The legislation is set to come up for a House vote Wednesday under a process that requires a two-thirds majority for passage. Some Republicans are also not supporting the bill, especially after former President Donald Trump publicly opposed it, though it’s still expected to pass the House. Both Republican and Democrat House leaders have signaled support for it, as well as the White House.

“We’re steamrolling this bill through without listening to stakeholders, without listening to people who depend on TikTok for their livelihood, including a lot of small businesses,” said Rep. Maxwell Frost (D-Fla.), the youngest member of the House, who also warned of the political impact the legislation could have with young voters who have embraced the social network.

The legislation in the House would require that a business found to be controlled by a foreign adversary must be divested within 180 days — specifically singling out Beijing-based ByteDance, which owns TikTok.

Progressive Caucus Chair Pramila Jayapal (D-Wash.) said Monday the legislation “came up so quickly” that members were still considering how they would vote for it. The caucus has yet to determine its formal position on the legislation, though Jayapal suggested that’s unlikely to happen at this point due to the quick vote timing.

Rep. Ayanna Pressley (D-Mass.), a member of the progressive “squad,” said she was still reviewing the legislation but was generally opposed to a ban of the social media app. Sponsors of the bill have been quick to clarify that that legislation is not a ban, since it would only block the TikTok from app stores if the parent company refused to divest.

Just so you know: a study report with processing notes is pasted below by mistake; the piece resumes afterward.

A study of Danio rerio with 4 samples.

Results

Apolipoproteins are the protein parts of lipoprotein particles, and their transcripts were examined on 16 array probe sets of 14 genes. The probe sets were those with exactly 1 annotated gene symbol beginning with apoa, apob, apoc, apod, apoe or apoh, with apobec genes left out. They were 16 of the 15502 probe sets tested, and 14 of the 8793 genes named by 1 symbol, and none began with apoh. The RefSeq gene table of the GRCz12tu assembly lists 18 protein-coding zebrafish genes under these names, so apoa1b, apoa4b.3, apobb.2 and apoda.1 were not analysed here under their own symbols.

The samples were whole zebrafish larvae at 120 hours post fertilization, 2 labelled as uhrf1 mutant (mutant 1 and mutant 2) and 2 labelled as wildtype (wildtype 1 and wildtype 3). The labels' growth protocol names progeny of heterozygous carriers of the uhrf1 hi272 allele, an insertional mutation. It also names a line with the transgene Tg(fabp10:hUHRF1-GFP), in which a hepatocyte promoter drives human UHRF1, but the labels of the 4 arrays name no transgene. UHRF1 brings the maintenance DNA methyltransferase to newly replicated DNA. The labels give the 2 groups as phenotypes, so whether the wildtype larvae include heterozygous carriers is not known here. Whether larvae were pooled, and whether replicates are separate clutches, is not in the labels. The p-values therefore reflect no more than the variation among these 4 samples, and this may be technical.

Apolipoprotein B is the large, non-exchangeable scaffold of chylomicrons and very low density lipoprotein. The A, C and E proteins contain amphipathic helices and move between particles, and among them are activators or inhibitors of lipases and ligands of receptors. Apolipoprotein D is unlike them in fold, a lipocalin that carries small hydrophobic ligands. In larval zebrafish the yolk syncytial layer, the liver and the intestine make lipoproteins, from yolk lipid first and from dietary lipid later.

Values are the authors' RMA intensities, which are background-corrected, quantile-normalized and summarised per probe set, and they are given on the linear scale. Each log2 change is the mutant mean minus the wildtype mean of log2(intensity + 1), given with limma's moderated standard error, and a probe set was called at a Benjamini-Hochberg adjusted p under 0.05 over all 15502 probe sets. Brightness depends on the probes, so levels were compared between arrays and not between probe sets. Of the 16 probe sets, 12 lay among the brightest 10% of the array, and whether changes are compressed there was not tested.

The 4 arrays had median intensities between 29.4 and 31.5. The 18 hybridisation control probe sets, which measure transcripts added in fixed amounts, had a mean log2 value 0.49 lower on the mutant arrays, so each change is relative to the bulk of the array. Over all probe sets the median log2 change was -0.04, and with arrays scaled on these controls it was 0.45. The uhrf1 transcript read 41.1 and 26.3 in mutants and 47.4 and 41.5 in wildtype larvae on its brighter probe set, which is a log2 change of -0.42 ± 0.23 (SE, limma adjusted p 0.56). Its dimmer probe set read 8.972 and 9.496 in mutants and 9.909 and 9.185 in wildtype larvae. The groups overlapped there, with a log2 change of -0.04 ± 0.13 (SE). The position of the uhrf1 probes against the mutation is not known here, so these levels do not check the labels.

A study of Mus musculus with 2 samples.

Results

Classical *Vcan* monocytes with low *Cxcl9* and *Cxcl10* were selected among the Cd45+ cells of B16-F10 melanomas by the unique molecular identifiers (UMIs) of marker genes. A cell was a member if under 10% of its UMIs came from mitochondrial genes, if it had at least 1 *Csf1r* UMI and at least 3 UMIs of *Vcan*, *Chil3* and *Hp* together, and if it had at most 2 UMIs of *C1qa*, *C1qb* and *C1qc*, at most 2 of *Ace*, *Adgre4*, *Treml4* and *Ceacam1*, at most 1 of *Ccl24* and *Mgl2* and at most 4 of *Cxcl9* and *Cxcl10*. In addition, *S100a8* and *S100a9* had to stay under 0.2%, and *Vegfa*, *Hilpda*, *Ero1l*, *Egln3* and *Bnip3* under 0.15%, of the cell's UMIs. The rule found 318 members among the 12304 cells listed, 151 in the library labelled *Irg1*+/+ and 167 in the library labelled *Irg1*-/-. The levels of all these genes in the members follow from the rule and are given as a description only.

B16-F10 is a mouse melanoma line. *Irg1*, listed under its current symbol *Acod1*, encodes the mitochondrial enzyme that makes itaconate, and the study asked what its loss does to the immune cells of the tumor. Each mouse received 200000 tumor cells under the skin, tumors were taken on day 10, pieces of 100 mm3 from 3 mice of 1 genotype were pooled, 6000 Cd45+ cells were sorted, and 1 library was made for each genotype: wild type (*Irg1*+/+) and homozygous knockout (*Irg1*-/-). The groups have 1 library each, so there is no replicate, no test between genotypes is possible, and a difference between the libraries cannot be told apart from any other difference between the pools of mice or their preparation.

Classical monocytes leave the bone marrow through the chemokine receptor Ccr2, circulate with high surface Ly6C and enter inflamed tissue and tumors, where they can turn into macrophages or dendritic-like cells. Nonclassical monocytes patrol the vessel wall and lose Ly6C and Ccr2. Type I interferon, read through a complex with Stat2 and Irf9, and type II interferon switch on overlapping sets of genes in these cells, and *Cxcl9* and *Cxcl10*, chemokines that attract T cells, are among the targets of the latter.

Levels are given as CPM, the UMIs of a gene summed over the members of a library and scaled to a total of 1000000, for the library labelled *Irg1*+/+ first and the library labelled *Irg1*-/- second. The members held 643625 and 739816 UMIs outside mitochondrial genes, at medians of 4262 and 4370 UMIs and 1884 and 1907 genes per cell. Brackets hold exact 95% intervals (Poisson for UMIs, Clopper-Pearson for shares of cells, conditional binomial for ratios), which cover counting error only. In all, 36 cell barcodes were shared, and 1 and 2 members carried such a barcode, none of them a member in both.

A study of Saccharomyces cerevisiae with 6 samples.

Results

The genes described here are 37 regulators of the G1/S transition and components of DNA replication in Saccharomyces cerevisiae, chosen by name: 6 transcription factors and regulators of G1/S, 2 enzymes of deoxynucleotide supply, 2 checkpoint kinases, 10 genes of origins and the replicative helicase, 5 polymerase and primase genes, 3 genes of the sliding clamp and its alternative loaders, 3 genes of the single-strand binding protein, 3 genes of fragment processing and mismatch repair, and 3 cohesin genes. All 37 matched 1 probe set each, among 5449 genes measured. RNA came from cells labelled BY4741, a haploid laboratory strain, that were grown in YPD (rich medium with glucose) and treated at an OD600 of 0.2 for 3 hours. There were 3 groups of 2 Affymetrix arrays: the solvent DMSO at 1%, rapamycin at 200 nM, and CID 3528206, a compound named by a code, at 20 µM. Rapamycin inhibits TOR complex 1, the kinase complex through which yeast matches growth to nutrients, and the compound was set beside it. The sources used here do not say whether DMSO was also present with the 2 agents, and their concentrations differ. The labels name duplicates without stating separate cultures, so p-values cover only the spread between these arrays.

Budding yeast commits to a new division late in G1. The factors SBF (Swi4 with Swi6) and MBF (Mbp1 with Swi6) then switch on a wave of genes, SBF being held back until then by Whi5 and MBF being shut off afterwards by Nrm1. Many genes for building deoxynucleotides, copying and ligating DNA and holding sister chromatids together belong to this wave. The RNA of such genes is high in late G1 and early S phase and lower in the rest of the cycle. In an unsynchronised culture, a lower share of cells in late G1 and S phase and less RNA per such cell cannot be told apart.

“Certainly there are things we should be considering when it comes to data harvesting and privacy … for all social media, for all big tech, not just limited to TikTok,” she said in a brief interview. “I also have serious concerns regarding the First Amendment, but I also think this is simply just fomenting anti-Asian and Chinese sentiment.”

Many of the lawmakers attended an all-member classified briefing Tuesday on TikTok’s security threats with Justice Department and intelligence officials. It’s not clear if the meeting changed many liberals’ minds.

“I didn’t support it before the classified briefing, and there was nothing that changed my mind,” said Rep. Robert Garcia (D-Calif.), who predicted opposition to the bill was “actually growing.”

Reps. Ro Khanna (D-Calif.) and Cori Bush (D-Mo.) are among other progressives who said on Tuesday that they plan to vote against it.

“I didn’t get to attend this one briefing, that happened the day before [the vote], that wasn’t even an hour long, because I was in the committee hearing with Special Counsel [Robert] Hur,” Bush said in an interview.

Not every progressive is in the “no” column, however. Some indicated they could support the legislation, citing privacy concerns.

“I would say we should be protecting everybody’s data privacy in general, but that might just be a statement,” said Rep. Jamie Raskin (D-Md.), who was still going over the bill. “This is a good first step.”

If the bill does manage to pass the House, it will likely run into trouble in the Senate, where Majority Leader Chuck Schumer has not committed to taking it up. Progressives in that chamber are also not eager to get behind legislation that would ban the entire app. Sen. Elizabeth Warren (D-Mass.) said in an interview that Congress should regulate social media but not specifically target one in particular.